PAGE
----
News literacy

For as long as I can remember, I’ve sat down every Sunday evening with my family to watch 60 Minutes on CBS. Through their investigative reporting, I’ve learned the power of broadcast journalism and the importance of shaping a narrative accurately.

 

Over the past four years as a student journalist, I have stayed up to date on local, national and international issues. As a freelance reporter for The Villager, a local paper that sits near my high school, I have been able to engage with my community both inside and outside of school. I read online publications, local print papers, and magazines and I always look forward to watching a nightly news program after school.

 


 

My passion for fighting against our innate news biases extends to my leadership. I check sources that are hyperlinked in our articles, fact check my own work as well as others and assign stories that bring a new angle to a topic we may have already covered. An example of this was when I wrote a story about how Instagram subversively entices young people to commercialize their life. This angle is different since our publication typically covers the appeal of social media such as Instagram as we have written about how students create fake accounts or student groups who create accounts for their organization. I fact checked my article with eight sources and worked with another student to get the article up on the site. This story was just one example of my work to nuance a relevant topic in our community and include an array of diverse sources to justify my information.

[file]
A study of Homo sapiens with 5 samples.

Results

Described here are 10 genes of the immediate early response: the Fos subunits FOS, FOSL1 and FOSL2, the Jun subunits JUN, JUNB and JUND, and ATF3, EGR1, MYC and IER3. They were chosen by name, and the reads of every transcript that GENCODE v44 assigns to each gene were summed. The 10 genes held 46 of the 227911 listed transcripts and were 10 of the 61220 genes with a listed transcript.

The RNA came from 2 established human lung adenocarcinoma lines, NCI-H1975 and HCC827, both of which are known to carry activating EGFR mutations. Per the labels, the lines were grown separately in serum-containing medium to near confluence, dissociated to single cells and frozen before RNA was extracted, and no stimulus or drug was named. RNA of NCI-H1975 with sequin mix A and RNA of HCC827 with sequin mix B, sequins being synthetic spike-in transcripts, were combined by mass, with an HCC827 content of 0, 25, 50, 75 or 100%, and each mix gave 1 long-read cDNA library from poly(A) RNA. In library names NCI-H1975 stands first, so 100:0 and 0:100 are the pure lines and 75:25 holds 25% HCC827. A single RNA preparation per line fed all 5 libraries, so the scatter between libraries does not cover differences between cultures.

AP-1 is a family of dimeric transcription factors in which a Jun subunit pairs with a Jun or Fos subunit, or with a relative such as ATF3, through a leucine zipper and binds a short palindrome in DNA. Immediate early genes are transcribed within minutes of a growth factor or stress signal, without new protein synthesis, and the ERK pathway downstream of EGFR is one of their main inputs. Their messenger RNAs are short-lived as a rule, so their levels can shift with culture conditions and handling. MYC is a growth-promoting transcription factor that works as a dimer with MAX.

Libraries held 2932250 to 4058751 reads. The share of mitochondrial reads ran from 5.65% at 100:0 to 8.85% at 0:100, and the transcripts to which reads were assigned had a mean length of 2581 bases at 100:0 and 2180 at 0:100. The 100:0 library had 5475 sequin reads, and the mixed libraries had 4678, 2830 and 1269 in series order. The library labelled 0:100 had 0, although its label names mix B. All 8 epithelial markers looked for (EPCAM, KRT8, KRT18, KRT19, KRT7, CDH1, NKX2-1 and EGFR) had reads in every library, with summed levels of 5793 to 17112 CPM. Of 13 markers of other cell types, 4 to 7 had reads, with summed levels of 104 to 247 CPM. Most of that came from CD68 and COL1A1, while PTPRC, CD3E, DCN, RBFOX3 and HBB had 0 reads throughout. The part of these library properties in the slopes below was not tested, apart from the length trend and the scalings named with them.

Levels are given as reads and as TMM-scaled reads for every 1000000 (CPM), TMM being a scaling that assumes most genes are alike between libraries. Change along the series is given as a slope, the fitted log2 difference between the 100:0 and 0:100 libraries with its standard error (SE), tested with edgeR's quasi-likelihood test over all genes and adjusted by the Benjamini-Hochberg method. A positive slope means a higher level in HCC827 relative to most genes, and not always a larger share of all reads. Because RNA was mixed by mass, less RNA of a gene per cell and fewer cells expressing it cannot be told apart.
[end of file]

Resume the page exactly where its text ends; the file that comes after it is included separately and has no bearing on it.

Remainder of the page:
Lastly, another mechanism my staff and I use comes from recording our interviews. After recording an interview, it is our responsibility to transcribe the conversation with our interviewee and include the quotes that we deem relevant. That means our school community has a great deal of faith in us, student journalists, to shape our stories accurately and without bias. As I continue to pursue a career in journalism, I will continue to work towards shaping my stories without bias and to fact check other stories.

Above is a photo of me this past summer when my first article was published on the front cover of The Villager.